Kenya,UN partner for sustainable development in ‘last frontier’

Frontier counties have for a long time been economically marginalised.

In Summary

• Frontier Counties Development Council brings together counties in Kenya's Northern Frontier. 

• The push by the Government of Kenya and the United Nations for sustainable development in Kenya’s ‘last frontier’

The Government of Kenya, the UN and development partners receive a warm reception in West Pokot on 26 February 2020.
The Government of Kenya, the UN and development partners receive a warm reception in West Pokot on 26 February 2020.
Image: UN

The United Nations estimates that Sub-Saharan Africa loses 40 billion hours per year collecting water.

In most of Kenya’s water-scarce regions, this invariably involves an already poorly-nourished mother lugging a 20-kg jerrycan for about three hours every day under 40o C temperatures – often carrying a baby on her back.

In economic terms, UNESCO says, that for every $1 invested in water and sanitation, there is an economic return of between $3 and $34.

 

For the people living in Kenya’s frontier counties, finding solutions for the social and economic effects caused by a lack of clean water are the highest priority. Finding opportunities to go beyond the beaten path and sustainable solutions was the mission of a joint visit to the counties in the last week of February 2020, supported by the United Nations in Kenya.

Frontier Counties Development Council brings together counties in Kenya's Northern Frontier.

These regions have for a long time been economically marginalised, have suffered fragility, instability, poverty and insecurity.

Of late they have witnessed droughts, followed by floods & more recently a swarm of locusts is threatening food security.

This joint mission included representatives of the National Government, Council of Governors the UN and donors. The Frontier Counties Development Council (FCDC) helped coordinate this important visit.

The mission was conducted as part of ongoing efforts by CS EugeneWamalwa, Ministry of Devolution, Arid and Semi-Arid Lands (ASALs) and the UN system to solidify devolution.

The Swiss Ambassador to Kenya, Ralf Heckner once wrote,"Kenya’s decentralization is among the most rapid and ambitious devolution processes going on in the world."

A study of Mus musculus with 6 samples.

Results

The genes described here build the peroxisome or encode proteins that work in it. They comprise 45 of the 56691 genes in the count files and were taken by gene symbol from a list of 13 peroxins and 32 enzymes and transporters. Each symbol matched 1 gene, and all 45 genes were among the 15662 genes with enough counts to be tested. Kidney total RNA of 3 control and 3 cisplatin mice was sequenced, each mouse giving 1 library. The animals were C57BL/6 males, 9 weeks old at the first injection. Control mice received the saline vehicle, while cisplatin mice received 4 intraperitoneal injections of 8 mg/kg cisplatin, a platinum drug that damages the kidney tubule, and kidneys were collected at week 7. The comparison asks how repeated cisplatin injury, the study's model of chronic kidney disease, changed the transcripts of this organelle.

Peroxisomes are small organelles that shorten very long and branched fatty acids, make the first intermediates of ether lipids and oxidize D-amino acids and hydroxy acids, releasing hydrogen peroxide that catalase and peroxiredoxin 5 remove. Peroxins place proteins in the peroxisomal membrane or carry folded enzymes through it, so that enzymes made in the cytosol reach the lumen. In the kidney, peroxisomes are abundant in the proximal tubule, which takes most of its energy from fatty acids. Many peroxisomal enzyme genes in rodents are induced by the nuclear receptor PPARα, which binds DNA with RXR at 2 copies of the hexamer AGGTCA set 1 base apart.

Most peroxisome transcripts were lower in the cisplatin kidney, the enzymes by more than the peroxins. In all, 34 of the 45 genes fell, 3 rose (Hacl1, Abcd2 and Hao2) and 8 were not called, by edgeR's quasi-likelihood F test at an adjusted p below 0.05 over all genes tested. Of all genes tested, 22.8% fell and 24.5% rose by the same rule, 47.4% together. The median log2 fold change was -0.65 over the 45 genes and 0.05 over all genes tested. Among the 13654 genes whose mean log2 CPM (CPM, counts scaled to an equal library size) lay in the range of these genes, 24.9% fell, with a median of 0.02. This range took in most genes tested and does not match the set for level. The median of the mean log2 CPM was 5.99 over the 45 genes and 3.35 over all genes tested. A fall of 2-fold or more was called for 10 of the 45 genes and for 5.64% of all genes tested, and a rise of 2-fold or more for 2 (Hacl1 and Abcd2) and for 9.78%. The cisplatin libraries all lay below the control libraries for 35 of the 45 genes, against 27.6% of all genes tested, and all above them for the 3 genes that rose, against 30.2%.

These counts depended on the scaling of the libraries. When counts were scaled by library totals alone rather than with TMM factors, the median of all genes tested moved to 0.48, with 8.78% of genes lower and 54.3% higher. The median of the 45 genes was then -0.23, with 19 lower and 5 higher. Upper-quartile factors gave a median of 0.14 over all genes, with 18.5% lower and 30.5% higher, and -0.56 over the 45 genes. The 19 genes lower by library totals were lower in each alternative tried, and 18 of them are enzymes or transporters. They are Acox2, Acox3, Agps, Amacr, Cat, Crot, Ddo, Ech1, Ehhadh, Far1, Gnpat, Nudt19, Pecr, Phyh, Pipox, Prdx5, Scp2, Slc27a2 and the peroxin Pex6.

Thanks to President Uhuru Kenyatta, the once marginalised counties of Kenya, are feeling the positive effects of devolution and the Governors of these counties deserve recognition and praise for their untiring efforts to change the lives of their constituencies for the better.

The FCDC, stakeholders from the region are appreciating the initiatives that indicate a firm commitment for equality and inclusion, but also tangible gains for the common resident of the counties.

As far back as 2014 when Siddharth Chatterjee, the UN Resident Coordinator to Kenya, then the Representative of UNFPA, decided to tackle the outrageous rates of maternal mortality in northern Kenya, surmounting initial skepticism, that initiative brought in public-private partnerships and resulted in transformation of the public health delivery infrastructure and a reduction in maternal deaths in the counties.

We have seen the UN’s determination of not abandoning the region and staying focused on leaving no one behind.

We have reason to be optimistic that the new focus on water will bring lasting transformation, considering the deleterious impacts we have experienced due to lack of water.

Combined with the egregious effects of climate change, scarcity of water is one of the root causes of conflict and a driver of extreme poverty, leading over into degraded health, livelihoods, opening to other negative trends, radicalization, criminality; and forced migration.

Above all, we commend the leadership of the UN in opting for consultation among the different players delivering development in the region. Without local engagement and collaboration among partners, development can at times perpetuate conflict and worsen inequalities.

The collaboration will ensure development programmes by different players are done within a wider context, and local nuances such as relations between and within different ethnic groups, religious groups, or gender, are not missed out.

Thanks to UN reforms, we are seeing the UN is changing. After all, it is about country teams delivering as one, in lockstep with the country’s development priorities and not hamstrung by competing bureaucracies and inter-agency tensions on turf.

We believe that the UN is on the right path in bringing regions - for long considered lost frontiers – right into the centre of Kenya’s development narrative.

That is the true spirit of a UN that is fit for purpose.

Mr. Simba Guleid, is the CEO ofthe FCDC Secretariat and former Deputy Governor of Isiolo County.